In 6510 assembly language, mnemonics are always three characters. LDA represents "load accumulator with...", and what the accumulator should be loaded with is decided by the parameter(s) associated with that instruction. The assembler knows which token is represented by each mnemonic, and when it "assembles" an instruction, it simply puts into memory (at whatever address has been specified), the token, and what parameters, are given. Some assemblers give error messages, or warnings when you try to assemble something that either the assembler, or the 6510 microprocessor, cannot do.

If you put a "#" symbol in front of the parameter associated with the instruction, this means that you want the register specified in the instruction to be loaded with the "value" after the "#". For example:

   LDA #$05  <----[ $=HEX ]

This instruction will put $05 (decimal 5) into the accumulator register. The assembler will put into the specified address for this instruction, $A9 (which is the token for this particular instruction, in this mode), and it will put $05 into the next location after the location containing the instruction ($A9).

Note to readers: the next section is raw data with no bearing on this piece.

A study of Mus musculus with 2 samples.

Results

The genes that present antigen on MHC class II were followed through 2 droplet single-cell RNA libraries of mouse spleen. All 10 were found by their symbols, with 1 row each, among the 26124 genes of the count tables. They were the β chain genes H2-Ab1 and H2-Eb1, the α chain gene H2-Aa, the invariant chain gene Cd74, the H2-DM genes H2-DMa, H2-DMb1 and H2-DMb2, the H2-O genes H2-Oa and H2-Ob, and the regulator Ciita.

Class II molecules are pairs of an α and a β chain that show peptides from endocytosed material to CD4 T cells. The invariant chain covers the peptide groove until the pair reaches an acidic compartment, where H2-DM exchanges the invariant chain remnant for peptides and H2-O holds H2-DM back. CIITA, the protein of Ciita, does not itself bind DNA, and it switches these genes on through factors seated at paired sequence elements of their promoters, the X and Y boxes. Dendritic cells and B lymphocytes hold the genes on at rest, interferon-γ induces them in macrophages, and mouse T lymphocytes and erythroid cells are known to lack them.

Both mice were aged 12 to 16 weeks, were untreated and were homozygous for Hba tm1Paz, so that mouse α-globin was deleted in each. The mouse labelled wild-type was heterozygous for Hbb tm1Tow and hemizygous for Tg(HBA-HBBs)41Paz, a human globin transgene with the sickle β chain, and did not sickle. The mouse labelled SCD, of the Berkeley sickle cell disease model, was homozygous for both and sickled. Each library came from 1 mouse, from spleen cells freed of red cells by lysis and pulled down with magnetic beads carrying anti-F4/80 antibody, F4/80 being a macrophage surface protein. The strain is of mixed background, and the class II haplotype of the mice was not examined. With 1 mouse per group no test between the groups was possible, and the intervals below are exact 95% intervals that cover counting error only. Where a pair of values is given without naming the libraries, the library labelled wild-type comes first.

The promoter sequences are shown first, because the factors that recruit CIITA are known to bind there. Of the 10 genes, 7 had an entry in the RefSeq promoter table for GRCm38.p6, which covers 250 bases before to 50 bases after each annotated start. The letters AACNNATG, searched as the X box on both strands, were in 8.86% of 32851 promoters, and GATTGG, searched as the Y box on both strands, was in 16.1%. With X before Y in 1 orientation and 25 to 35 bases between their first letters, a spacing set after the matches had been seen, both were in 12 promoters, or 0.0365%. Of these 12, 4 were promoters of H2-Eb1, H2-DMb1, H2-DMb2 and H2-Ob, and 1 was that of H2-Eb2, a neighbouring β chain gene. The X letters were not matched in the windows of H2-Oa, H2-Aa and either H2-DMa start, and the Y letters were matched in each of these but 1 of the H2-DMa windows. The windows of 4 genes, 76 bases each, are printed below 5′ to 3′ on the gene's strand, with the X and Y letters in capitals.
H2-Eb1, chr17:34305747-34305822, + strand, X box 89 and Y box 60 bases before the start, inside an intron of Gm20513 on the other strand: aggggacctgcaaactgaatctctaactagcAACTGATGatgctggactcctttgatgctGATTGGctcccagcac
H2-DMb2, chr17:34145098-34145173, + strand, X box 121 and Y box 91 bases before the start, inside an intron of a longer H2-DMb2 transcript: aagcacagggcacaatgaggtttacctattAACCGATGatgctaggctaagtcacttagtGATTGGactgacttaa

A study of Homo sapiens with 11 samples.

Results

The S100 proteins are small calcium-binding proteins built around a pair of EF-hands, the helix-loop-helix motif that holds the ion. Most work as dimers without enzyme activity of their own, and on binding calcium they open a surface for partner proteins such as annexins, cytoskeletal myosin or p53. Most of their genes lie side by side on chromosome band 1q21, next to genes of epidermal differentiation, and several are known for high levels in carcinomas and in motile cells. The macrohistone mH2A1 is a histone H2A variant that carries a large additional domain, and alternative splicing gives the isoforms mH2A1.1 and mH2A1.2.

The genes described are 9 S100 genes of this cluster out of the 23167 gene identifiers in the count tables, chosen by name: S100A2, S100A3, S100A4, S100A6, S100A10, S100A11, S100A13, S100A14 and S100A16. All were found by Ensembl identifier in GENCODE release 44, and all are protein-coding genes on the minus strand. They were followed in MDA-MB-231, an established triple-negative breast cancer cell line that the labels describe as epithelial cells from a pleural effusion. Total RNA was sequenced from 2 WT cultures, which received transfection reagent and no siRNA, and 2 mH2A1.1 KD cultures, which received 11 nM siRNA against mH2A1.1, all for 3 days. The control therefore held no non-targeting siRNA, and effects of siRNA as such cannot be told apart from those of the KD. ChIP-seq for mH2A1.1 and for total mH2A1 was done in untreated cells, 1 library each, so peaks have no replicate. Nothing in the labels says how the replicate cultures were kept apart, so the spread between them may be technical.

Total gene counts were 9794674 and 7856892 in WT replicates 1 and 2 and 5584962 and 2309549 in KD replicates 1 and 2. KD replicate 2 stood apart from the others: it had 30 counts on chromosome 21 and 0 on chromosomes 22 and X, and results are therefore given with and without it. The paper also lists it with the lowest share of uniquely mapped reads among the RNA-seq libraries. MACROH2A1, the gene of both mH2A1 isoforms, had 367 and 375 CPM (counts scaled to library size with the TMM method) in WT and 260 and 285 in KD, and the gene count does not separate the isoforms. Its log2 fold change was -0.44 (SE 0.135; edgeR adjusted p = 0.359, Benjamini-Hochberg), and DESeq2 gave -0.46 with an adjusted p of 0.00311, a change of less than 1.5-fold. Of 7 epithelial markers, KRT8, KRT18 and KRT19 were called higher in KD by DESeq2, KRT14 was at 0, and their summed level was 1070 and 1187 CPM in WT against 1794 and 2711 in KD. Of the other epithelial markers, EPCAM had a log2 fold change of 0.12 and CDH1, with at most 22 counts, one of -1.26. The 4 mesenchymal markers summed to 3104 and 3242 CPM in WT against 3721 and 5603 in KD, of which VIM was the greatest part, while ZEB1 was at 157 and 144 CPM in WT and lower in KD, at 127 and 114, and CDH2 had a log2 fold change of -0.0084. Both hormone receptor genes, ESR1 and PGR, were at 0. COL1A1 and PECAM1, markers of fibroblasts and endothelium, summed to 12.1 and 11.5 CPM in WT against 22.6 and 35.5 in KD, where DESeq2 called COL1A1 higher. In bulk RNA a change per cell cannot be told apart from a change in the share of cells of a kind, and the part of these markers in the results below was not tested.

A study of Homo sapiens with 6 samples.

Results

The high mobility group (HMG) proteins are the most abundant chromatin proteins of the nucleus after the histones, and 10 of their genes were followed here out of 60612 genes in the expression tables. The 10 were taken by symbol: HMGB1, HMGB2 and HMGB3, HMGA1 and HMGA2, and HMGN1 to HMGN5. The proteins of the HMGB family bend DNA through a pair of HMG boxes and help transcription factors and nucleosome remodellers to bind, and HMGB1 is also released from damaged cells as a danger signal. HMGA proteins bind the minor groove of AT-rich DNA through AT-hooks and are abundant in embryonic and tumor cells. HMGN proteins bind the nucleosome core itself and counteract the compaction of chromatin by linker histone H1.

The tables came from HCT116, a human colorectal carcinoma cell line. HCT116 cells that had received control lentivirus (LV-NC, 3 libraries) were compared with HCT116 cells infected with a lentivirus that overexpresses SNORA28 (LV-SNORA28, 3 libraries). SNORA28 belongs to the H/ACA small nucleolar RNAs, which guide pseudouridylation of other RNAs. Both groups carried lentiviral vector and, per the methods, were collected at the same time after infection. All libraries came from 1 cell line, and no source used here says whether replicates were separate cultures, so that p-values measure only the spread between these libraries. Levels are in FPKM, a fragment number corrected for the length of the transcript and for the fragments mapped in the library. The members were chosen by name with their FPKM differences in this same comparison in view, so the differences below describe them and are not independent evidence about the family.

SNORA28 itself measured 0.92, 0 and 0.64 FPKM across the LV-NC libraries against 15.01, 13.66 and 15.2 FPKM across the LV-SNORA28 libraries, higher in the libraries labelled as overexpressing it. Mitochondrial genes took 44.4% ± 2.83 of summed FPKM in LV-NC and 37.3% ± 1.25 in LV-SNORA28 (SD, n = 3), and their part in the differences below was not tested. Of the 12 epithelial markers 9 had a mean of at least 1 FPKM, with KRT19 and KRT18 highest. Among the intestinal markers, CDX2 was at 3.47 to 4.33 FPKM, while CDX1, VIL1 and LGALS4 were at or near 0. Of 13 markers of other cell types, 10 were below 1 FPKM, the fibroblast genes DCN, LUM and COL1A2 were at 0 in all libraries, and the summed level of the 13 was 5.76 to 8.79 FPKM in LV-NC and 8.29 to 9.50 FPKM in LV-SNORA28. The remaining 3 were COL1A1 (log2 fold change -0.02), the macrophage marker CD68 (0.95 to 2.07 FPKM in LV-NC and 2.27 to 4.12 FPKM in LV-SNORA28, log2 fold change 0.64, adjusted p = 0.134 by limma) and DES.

If the parameter to be used by an instruction has "#" before it; i.e., the parameter is a "value," rather than the contents of a memory location, or another register, the instruction is said to be in the "immediate" mode. To put this into perspective, let's compare this with another mode:

If you want to put the contents of memory location $102E into the accumulator, you're using the "absolute" mode of instruction:

   LDA $102E

The assembler can distinguish between the two different modes because the latter does not have a "#" before the parameter. The 6510 microprocessor

Read the small print. Last updated July 10, 2002.